Thursday, October 27, 2011

 

Rhode Island has the seventh highest debt per capita in the country according to a new study conducted by State Budget Solutions (SBS), a nonprofit organization that advocates for fundamental reform of state budgets.

The study found that the combined debt of all the states exceeds $4 trillion, with Rhode Island on the hook for $19,497,824, or about $18,524 per capita. Only Alaska, New Jersey, Connecticut, Hawaii, Illinois and Ohio owe more when it comes to debt per capita.

Overall, the larger states (California New York, Texas) owe the most money, with each state having debt that totals more than $280 billion. In total, nine states owe more than $100 billion.

The organization defines total state debt as the sum of outstanding official debt, pension and other post-employment benefits (OPEB) liabilities, Unemployment Trust Fund loans, and current budget gap.

Bob Williams, President of State Budget Solutions, said the numbers prove that if state lawmakers across the country can’t reform their ways, the country will face an unprecedented budget crisis. He said many states haven’t accurately assessed their debt.

"These deficit numbers are staggering and should be frightening to the American public. Due to budget gimmicks, many states fail to give an adequate picture of how much trouble they are really in," Williams said. "This report makes it clear that if legislators don't act immediately and decisively, our country will be facing a budget crisis that we have never seen before."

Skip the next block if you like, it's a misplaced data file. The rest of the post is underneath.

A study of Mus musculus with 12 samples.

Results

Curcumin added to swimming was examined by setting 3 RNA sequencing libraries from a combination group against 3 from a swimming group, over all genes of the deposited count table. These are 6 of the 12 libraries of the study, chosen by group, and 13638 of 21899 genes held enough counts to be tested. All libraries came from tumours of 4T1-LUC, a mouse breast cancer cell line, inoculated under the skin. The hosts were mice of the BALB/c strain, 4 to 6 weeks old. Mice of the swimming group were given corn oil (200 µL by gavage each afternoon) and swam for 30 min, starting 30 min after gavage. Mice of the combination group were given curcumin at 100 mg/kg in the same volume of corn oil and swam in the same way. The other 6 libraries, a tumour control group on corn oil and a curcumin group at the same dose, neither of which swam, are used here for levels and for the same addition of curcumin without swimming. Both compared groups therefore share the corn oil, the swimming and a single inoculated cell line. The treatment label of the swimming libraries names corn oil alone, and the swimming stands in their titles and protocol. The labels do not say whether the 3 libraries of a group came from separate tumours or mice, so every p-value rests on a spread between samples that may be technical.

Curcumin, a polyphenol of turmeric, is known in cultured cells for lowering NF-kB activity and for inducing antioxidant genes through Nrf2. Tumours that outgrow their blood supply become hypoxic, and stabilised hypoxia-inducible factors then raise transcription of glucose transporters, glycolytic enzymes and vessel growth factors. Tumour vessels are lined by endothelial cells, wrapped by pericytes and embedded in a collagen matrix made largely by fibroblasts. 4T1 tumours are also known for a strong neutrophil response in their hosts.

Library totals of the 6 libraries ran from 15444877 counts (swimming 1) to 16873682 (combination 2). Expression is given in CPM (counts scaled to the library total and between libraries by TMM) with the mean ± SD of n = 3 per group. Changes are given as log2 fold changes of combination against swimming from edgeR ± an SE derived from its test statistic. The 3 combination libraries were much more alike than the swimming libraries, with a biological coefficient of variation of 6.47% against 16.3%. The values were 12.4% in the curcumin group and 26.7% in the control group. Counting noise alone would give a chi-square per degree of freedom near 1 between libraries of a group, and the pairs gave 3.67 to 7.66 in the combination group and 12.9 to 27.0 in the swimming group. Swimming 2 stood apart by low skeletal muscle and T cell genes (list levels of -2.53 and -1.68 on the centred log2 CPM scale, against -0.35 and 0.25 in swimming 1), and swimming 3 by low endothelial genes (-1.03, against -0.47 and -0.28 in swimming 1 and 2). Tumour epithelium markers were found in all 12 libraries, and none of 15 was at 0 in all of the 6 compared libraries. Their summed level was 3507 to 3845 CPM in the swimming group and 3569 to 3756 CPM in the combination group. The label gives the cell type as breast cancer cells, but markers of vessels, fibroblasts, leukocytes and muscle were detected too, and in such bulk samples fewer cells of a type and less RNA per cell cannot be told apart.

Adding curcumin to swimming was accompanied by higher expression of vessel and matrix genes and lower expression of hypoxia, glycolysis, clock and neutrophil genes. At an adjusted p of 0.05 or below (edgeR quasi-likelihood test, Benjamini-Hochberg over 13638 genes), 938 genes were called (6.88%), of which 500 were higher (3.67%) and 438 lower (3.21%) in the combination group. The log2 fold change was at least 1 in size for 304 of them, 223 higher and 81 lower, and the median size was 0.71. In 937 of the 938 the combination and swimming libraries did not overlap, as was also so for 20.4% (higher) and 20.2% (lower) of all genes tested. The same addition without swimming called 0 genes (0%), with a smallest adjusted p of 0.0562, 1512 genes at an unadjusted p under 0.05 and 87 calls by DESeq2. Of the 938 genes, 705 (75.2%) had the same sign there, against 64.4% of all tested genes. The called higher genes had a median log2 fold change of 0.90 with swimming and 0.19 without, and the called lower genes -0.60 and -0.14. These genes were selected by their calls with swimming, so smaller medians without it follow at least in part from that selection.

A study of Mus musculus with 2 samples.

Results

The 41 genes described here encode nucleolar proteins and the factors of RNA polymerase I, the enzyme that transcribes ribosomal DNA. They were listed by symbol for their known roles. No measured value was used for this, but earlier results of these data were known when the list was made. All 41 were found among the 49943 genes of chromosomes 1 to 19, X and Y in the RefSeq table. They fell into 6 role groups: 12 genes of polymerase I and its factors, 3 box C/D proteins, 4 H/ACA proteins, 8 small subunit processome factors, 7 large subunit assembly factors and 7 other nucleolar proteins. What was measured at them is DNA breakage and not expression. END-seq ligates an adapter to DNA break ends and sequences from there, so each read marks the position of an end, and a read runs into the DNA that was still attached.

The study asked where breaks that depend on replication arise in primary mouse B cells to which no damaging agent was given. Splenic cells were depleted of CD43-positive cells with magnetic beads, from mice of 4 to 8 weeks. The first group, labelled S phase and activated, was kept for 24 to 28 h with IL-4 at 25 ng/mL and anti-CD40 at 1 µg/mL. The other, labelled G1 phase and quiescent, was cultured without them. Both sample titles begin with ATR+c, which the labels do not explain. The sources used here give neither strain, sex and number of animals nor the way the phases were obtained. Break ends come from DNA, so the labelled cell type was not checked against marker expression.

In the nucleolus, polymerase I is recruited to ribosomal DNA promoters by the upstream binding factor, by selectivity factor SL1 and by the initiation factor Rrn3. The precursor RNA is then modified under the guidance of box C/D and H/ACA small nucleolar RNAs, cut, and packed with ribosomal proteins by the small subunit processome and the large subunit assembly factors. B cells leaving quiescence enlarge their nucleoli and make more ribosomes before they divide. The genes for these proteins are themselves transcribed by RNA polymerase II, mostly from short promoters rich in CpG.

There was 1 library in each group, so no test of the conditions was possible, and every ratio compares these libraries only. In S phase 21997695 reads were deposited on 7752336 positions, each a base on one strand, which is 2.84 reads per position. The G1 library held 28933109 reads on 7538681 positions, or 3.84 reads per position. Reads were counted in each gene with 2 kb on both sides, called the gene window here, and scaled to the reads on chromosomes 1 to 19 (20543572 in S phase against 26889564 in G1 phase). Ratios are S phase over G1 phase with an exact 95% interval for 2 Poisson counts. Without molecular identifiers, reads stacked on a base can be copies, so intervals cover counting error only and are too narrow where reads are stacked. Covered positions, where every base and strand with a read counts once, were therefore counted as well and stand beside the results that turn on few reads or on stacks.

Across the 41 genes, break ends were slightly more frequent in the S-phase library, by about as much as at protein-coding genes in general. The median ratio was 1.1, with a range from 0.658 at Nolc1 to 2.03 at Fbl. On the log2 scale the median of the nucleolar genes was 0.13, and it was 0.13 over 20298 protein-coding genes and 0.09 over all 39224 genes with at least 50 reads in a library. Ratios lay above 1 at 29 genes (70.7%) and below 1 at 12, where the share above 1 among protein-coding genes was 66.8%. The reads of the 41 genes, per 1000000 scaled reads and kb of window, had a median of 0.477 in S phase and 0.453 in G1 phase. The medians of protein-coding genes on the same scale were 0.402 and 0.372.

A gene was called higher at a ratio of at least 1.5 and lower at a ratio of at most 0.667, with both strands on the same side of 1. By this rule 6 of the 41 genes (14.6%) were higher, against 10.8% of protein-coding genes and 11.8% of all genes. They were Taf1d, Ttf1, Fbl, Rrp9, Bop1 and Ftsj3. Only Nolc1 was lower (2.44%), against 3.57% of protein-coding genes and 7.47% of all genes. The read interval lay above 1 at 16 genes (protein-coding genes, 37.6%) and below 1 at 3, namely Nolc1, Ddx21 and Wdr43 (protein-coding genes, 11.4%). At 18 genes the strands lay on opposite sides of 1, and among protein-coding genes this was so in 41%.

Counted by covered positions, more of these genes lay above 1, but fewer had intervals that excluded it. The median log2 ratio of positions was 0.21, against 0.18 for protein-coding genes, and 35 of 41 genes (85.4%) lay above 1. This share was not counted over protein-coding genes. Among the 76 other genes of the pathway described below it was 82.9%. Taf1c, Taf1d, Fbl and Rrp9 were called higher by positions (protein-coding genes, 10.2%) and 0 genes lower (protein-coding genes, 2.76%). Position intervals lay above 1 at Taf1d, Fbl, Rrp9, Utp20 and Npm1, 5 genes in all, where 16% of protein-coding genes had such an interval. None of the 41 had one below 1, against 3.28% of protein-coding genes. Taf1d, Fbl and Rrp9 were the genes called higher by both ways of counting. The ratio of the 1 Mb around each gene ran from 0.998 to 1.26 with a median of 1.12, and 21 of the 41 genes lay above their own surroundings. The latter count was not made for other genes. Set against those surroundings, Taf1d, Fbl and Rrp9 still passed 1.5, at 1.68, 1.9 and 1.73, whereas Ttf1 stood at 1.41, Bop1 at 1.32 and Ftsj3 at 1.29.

Pension Reform Addresses Debt

Rhode Island is no stranger to the debt conversation. The state slashed social service spending last year as a way to help plug a $300 million budget deficit and now the General Assembly is in a special session to address the pension system, which General Treasurer Gina Raimondo says is crippling the state.

Raimondo and Governor Chafee have proposed legislation that will raise the retirement age, switch to a hybrid 401k-style plan and freeze cost of living adjustments (COLAs) until pension plans are 80 percent funded. For teachers and state workers, that could mean going 19 years without a raise.

But Dr. Ed Mazze, Distinguished University Professor of Business Administration at the University of Rhode Island, says the state is on the right track thanks to the legislation.

“Rhode Island's debt per capita is high for a number of reasons such as the liabilities created by unfunded state and municipal pension and health benefit programs which have been put on the back turner for numbers of years,” Mazze said. “We now are preparing to make the changes necessary to reduce this huge deficit of over $13 billion by making changes in investment assumptions and raising the retirement age along with legislation introduced by the Governor and General Treasurer.”

Mazze said the fact that Rhode Island falls inside the top ten of total state debt is no surprise.

“These changes will reduce the deficit by billions of dollars,” he said. “In addition, Rhode Island has had double-digit unemployment in the last two years making it necessary for the state to borrow money from the Unemployment Trust Fund to pay unemployment benefits. The state has also issued bonds in anticipation of tax revenue and for infrastructure projects. Adding this together puts Rhode Island in the unenviable top ten when it comes to state debt. Another list where we are in a bad place.”

Time for Action is Now

On the opposite end of the list, Nebraska, Tennessee, Indiana, Florida and Idaho have the lowest per capita debt in the country, with each owing less than $8,000.

Williams said each state needs to address its problems individually. And, he said, it needs to happen right away.

"The time for action is now,” Williams said. “Our country cannot afford to continue to recklessly spend while passing trillions in debt to future generations. State Budget Solutions urges state legislators to take responsibility for their own state's deficit and begin implementing real solutions to fixing this growing problem.”